Andrew Hamilton, Eureka Street
In church documents scriptural stories are often used as decoration or to calm the horses when contentious issues arise.
The 2017-2018 Australian Catholic Social Justice Statement on the economy, Everyone's Business — Developing an Inclusive and Sustainable Economy
, opens with one of the most intriguing of Jesus' parables: the landowner who hired new workers at each hour of the day but paid them all one denarius no matter how long they had worked. And was unapologetic about it.
The usual conclusion drawn from this parable is that God does not act like a good businessman but as a benefactor. But the statement notes that the denarius was then the living wage, which all workers, full-time or part-time, should be paid. The landowner was doing what he should have done. The appeal to scripture here is a burr under the horse's saddle.
The general argument of the statement, which resonates with Australian sentiment today, is that Australia is a wealthy economy in which too many people are marginalised. A moral compass is needed so that the economy serves all Australians and not vice versa.
Catholic Bishops Conference
The most vulnerable Australians include the lowest paid, often in part-time work, those living on income support, those at risk of homelessness, and Indigenous Australians. They are affected by the move to short term contracts and casual employment, by minimum wages insufficient to support a family, and by the refusal of many employers to contribute to superannuation or to pay due wages.
Because of high unemployment many people remain on social security for a long time. The benefits paid leave people beneath the poverty line and often have punitive and shaming conditions attached to them. Indigenous Australians are particularly disadvantaged by almost every criteria, face the abandonment of their communities and are subject routinely to fines and humiliation.
In addition, corporations take advantage of lax regulation to increase charges for necessary services, collude, avoid taxes and rip off clients. Such practices burden people with high costs and deprive governments of the revenue needed to support social institutions.
‘The common good requires that we build educational resources that animate people to contribute creatively, health resources designed to prevent illness and limit sustained dependence on the community, and social and penal structures that help people overcome alienation and connect them to society.’
In response to this litany of neglect and abuse the statement calls for a new view of the economy as the servant of people, and not vice versa. It echoes Pope Francis' trenchant criticism: 'Some people continue to defend trickle-down theories which assume that economic growth, encouraged by a free market, will inevitably succeed in bringing about greater justice and inclusiveness in the world. This opinion, which has never been confirmed by the facts, expresses a crude and naive trust in the goodness of those wielding economic power and in the sacralised workings of the prevailing economic system. Meanwhile, the excluded are still waiting.'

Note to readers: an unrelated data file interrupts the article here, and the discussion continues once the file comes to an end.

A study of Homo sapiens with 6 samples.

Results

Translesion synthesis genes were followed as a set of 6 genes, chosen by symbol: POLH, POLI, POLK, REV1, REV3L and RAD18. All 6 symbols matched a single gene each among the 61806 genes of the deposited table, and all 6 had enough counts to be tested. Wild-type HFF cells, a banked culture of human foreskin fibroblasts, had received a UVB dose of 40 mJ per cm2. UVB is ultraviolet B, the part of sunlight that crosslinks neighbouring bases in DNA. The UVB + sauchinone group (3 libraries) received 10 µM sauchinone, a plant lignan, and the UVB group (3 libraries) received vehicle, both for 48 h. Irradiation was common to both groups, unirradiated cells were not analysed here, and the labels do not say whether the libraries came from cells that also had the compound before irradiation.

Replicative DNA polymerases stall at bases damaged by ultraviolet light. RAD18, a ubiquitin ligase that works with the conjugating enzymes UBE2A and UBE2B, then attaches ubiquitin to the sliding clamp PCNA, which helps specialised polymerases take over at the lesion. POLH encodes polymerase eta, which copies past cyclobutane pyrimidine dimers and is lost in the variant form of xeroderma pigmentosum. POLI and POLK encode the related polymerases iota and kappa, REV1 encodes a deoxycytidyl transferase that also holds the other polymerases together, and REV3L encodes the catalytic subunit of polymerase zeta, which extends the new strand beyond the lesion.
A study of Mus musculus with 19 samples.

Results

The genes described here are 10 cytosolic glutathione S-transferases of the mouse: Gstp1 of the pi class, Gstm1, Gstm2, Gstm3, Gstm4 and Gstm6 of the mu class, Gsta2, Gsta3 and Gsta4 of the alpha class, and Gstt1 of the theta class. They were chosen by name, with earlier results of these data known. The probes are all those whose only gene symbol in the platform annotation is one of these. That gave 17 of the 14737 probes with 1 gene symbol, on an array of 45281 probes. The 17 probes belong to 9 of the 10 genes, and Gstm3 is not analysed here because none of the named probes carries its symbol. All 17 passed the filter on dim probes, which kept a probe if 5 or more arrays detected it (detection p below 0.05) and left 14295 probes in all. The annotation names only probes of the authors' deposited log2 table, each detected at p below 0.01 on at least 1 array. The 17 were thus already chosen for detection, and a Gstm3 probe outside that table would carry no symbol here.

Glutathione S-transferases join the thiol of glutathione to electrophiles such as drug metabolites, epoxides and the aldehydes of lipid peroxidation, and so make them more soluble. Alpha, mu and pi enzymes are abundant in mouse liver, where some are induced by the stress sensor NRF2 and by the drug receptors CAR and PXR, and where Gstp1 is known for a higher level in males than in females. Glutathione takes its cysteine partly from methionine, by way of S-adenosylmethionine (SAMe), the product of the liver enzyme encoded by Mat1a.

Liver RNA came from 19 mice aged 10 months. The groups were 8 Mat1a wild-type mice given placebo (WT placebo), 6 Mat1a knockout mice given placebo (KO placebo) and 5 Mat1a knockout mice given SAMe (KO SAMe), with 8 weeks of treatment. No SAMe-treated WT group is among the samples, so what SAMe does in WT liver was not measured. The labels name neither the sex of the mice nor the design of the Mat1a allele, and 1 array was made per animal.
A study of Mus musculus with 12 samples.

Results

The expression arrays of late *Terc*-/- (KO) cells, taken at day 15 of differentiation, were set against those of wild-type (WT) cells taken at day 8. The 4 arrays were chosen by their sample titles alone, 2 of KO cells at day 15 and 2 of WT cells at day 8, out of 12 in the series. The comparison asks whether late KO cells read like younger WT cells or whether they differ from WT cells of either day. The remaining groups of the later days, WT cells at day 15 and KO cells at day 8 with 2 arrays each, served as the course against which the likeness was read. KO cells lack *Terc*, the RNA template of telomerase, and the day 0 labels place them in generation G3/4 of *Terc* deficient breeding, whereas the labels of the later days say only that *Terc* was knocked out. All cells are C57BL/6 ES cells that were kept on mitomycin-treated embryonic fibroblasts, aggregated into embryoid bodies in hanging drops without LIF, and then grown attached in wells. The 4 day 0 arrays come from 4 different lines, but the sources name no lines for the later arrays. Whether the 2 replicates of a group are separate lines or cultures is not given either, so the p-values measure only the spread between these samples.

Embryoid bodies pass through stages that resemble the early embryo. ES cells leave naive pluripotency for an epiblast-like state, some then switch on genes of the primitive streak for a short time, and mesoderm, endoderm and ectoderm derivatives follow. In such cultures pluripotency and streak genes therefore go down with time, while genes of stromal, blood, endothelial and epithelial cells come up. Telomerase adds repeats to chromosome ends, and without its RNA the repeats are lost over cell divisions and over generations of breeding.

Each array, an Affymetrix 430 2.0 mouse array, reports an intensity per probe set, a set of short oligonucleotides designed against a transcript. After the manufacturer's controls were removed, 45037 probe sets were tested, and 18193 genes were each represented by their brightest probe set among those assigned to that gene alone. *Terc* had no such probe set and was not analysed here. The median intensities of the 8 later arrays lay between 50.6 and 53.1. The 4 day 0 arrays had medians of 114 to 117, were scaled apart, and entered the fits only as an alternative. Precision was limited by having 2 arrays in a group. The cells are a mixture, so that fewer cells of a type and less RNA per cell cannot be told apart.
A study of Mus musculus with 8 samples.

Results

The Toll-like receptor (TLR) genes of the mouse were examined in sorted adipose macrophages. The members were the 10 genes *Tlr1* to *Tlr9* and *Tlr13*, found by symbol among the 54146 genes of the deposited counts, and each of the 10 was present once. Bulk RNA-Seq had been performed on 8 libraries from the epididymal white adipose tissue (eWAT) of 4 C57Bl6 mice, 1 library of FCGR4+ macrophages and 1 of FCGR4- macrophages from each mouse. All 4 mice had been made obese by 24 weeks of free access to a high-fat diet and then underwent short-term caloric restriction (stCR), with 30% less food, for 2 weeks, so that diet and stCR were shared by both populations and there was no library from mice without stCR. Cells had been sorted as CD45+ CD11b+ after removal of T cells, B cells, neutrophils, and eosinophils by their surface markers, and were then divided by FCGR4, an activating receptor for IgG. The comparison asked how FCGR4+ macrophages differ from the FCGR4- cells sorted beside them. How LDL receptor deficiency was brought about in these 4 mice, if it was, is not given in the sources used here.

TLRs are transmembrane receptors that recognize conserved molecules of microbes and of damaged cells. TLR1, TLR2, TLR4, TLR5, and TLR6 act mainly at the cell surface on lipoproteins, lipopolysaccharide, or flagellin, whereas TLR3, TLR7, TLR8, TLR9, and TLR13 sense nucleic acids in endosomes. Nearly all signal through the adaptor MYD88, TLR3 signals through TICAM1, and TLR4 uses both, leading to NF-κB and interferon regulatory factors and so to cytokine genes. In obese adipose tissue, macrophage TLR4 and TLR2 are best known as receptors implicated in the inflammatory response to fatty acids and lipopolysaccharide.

To ensure that the waiting time is shortened the statement calls for Australians to stop seeing people as tools of production to be used and discarded: to recognise that economic growth is not equivalent to sustainable growth; to ensure that the economy serves social equity; to make businesses responsible not only for profiting their shareholders but for serving the common good; and to include the marginal and vulnerable in making decisions that concern them.
The practical steps to be taken in enshrining this perspective on the economy include progressive tax reform to limit benefits received by the wealthy and to check avoidance; ensuring that banks and superannuation funds invest in productive activities that offer long term benefits; structuring social programs to help people find opportunities to contribute to society over their lifetime; building infrastructure for development through education and employment; and strengthening local communities to care for vulnerable people in society.
The topic of the statement is timely. It picks up public concern about gross inequality and about the indecency revealed almost daily by so many businesses. It rightly points to the need for a conversion that will enable us to see the defects of our present economic order and to make changes that will be beneficial. The examples of remedies proposed are mainly apt to purpose.
I would have liked to see in the statement more development of the appeal to the common good. One of the reasons why economic reform is so hard is that is seen commonly as a zero sum with winners and losers. It is regarded as inherently conflictual. So economic reform is seen either as the politics of envy or the rich copping their comeuppance.
The focus on the common good supposes that economic reform is cooperative, and must be designed to sustain both personal and communal economic growth. The common good requires that we build educational resources that animate people to contribute creatively, health resources designed to prevent illness and limit sustained dependence on the community, and social and penal structures that help people overcome alienation and connect them to society. Such public investment will save greater public costs for hospitals and prisons.
In a society where wealth is radically unequally distributed, the service of the common good will require measures of redistribution. But because the redistribution leads to a more sustainable and fair economy all will benefit from it. Perhaps the economically crazy landowner of the parable may have been on the right economic track after all.
Andrew Hamilton is consulting editor of Eureka Street.